Tuesday, April 9, 2013
Tuesday SOL Sickness, death, and wisdom of children
First thing, a colleague came by and spoke kind words and my jaw began a slight quiver; I think she noticed it, too, and we both, respectfully, changed the subject quickly to matters of the day - "Do we have a staff meeting after school?"
But then the children arrived. Bouncing in! I hadn't anticipated their embraces. One little girl went racing by everyone to find me, and gave me the biggest, longest hug. Another boy jumped me from behind, laughing, "I got you, Ms. Ingram!" Still another just grabbed my hand and held it, smiling. What a gift children are! Wow! My morning trembles were long forgotten as I slipped into being present with them.
I had to check out the new haircut, the new "shoes for running." I had to hear about the trip to the zoo, the family trip to the beach, the hockey game, the movie on tv. I had to find gak ingredients, because "we need to make new gak, Ms. Ingram - purple gak."
A short while later, we were gathered in whole group, and I wanted to hear their recall of their fun with Ms. McCarthy, what did they remember from the week? Well, truly, too much time had past for this kind of thinking - they had an entire week with their families since then! Also, my provocation was a little dull, I think I said "so, tell me what you did at school when I wasn't here..." Instantaneously, everyone started speaking - not about their doings, but about the reason for my absence -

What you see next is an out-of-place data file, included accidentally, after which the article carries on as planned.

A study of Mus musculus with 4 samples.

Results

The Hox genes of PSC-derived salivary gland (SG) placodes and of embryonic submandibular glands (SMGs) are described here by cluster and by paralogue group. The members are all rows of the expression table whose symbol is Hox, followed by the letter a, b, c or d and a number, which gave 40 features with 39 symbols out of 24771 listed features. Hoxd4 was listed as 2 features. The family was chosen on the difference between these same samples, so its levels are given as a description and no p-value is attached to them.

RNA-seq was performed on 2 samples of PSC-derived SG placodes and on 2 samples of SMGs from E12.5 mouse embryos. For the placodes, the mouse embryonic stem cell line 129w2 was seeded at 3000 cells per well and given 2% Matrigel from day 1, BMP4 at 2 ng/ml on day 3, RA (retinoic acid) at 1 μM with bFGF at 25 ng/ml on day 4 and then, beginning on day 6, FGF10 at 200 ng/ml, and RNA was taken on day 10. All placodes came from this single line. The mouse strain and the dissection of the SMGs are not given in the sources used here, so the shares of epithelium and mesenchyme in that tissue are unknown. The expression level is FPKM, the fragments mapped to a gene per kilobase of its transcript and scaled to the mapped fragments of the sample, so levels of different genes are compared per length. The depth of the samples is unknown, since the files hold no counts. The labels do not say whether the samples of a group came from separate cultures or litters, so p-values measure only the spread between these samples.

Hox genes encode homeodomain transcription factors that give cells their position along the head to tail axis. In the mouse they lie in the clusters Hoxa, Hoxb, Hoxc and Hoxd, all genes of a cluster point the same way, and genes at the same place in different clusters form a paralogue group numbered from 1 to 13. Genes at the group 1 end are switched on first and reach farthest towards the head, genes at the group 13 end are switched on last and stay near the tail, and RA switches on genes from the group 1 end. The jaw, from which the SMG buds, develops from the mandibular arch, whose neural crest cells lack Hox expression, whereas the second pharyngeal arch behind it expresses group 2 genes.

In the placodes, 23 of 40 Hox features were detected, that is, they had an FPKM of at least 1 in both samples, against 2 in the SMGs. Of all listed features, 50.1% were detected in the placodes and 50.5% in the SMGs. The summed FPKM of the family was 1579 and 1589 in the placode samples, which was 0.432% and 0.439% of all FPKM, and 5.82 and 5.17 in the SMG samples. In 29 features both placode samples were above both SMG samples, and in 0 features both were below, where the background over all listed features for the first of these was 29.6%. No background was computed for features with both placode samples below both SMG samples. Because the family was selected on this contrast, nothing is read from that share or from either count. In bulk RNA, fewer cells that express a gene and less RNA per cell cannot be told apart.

"Your Mom was sick. Did she die?" [I looked at them with surprise and said, 'Yes, she was very sick, but she did not die.']
"You took care of her when she was sick, right?" ["Yes, yes, that's where I was, taking care of her."]
"You were pretty sad she was in the hospital, right?" [I broke into a small smile at this bluntness, "Oh, yes, I was."]
"Usually when you get very, very old you might get sick and then you die, right?" [There was no time to think through my responses; these questions were coming one right after the other! "That is true, and she is very, very old, but she did not die."]
"She will get older and she will die." [I found myself smiling. "Yes, you are right."]
"My Mom's Mom died and my Mom was sad." ["Oh, that is very sad."]
"My Mom got sick and my Dad came and got me and my Mom did not die." [I was wide-eyed at this bluntness. "No, that is true, your Mom is very young."]
"My grandpa died. He was old." ["I'm sorry to hear this; I'm sorry your grandpa died."]
"I got sick and my grandmother took care of me and my grandmother got sick and I took care of her." ["That is very loving."]
I wish you could have seen these precious preschoolers, all talking at once, jumping up from their seats, standing in front of me to make their emphatic comments. How refreshing - to just bluntly talk about sickness and death, to just put it out there! Preschoolers are concrete thinkers, very present, wanting to know the succinct truth.
I, myself, felt almost giddy by the end of this chat - lifted up by their calm, clear questions and statements. They were present with me in my pain, yet, taking it all in stride. Keep on keeping on! I was smiling, truly smiling, shaking my head in incredulity. It's as if the preschoolers "just knew" what I needed.